An Oxford college is being sued for discriminating against poor students by forcing applicants to prove they can pay tens of thousands of pounds towards fees and living costs before taking up places. This is from the Telegraph…
St Hugh’s has been accused of “selecting by wealth” after requesting financial information from students attempting to take up places on postgraduate courses.
It is claimed that candidates are being forced to find more than £21,000 upfront before applying – barring all but the richest students.
Damien Shannon, 26, is now taking the college to court claiming that the policy “disproportionately discriminated against” those without access to the money – breaching their human rights.
The hearing at Manchester County Court – which starts next month – will be seen as a test case against similar policies employed by other universities.
It comes amid fears that large numbers of British students are being priced out of postgraduate courses, with places increasingly being taken by wealthy applicants from overseas.
Figures show almost 16,000 fewer British students started postgraduate courses at UK universities in 2011/12 compared with the previous academic year – an eight per cent drop.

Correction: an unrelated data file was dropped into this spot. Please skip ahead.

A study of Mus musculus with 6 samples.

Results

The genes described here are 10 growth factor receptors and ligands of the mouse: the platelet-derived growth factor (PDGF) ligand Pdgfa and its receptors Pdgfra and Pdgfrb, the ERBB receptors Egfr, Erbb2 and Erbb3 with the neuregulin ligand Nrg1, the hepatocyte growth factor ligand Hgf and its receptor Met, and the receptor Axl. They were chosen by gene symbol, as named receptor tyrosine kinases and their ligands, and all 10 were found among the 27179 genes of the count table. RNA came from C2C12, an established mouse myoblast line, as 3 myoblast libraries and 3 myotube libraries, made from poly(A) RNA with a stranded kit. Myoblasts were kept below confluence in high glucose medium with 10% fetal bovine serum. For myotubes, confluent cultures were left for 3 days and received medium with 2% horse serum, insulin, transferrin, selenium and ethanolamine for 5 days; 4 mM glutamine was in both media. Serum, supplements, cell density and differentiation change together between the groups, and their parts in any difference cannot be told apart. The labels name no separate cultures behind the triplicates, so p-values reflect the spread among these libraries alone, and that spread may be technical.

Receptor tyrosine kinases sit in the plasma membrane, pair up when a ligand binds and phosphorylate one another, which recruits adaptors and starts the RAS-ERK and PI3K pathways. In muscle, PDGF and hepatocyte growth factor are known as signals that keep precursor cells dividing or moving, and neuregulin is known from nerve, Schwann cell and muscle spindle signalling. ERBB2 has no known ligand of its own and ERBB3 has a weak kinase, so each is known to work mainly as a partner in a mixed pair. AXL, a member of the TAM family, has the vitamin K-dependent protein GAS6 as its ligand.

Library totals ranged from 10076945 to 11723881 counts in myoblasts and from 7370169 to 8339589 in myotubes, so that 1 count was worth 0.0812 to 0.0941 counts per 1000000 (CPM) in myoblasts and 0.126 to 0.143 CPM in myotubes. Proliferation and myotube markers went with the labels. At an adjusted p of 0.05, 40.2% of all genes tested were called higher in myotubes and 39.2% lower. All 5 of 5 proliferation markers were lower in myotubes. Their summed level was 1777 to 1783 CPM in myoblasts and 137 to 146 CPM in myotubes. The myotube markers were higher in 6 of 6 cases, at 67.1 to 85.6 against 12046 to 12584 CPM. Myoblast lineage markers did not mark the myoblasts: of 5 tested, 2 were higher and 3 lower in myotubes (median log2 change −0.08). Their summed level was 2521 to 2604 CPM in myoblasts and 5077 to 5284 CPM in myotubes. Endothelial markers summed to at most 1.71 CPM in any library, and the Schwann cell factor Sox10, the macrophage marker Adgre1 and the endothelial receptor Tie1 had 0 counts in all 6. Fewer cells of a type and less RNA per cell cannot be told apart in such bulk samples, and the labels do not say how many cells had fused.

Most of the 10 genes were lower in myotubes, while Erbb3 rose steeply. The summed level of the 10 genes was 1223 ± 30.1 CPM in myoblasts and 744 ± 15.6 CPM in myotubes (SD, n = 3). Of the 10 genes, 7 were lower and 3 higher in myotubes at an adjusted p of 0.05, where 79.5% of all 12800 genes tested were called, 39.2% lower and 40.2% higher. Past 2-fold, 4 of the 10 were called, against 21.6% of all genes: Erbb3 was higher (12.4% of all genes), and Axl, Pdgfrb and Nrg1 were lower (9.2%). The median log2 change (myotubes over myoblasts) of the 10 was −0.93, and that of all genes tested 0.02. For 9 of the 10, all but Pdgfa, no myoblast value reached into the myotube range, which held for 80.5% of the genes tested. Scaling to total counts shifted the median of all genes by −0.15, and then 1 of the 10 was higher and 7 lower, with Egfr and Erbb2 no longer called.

Separate data shows that foreigners now take up more than half of postgraduate places at some universities, with overall numbers across the UK trebling in a decade.
According to The Observer, legal papers submitted by Mr Shannon say: “It is my contention that the effect of the financial conditions of entry is to select students on the basis of wealth, and to exclude those not in possession of it.
“In particular, the requirement for evidence of funds for living costs has a discriminatory effect.”
Mr Shannon, from Salford, successfully applied to take an MSc in economic and social history at Oxford last March. He was told the place was conditional on meeting the college’s academic and financial requirements.
According to The Observer, he reached the college’s academic target after attaining a 2:1 degree from the Open University but was unable to prove he had “resources totalling £21,082” before taking his place.
He successfully applied to the Co-operative Bank for a professional career loan of £10,000 but failed to find the remaining £11,000, claiming he was unable to call on parental help.
Hazel Blears, the former Labour cabinet minister and Salford MP, is backing the student and has secured a Parliamentary debate on the issue of postgraduate costs to be heard on Wednesday.
“Oxford University’s demands for a guarantee on living costs are deeply unfair,” she said. “They will price gifted students out of doing these courses and our country will lose out on some really talented individuals.”
St Hugh’s, which has filed defence papers to the court, accepts barring the student on financial grounds, but claims the measure is necessary to ensure students can complete their studies. The college lists Theresa May, the Home Secretary, and Aung San Suu Kyi, the Burmese pro-democracy leader, among its alumni.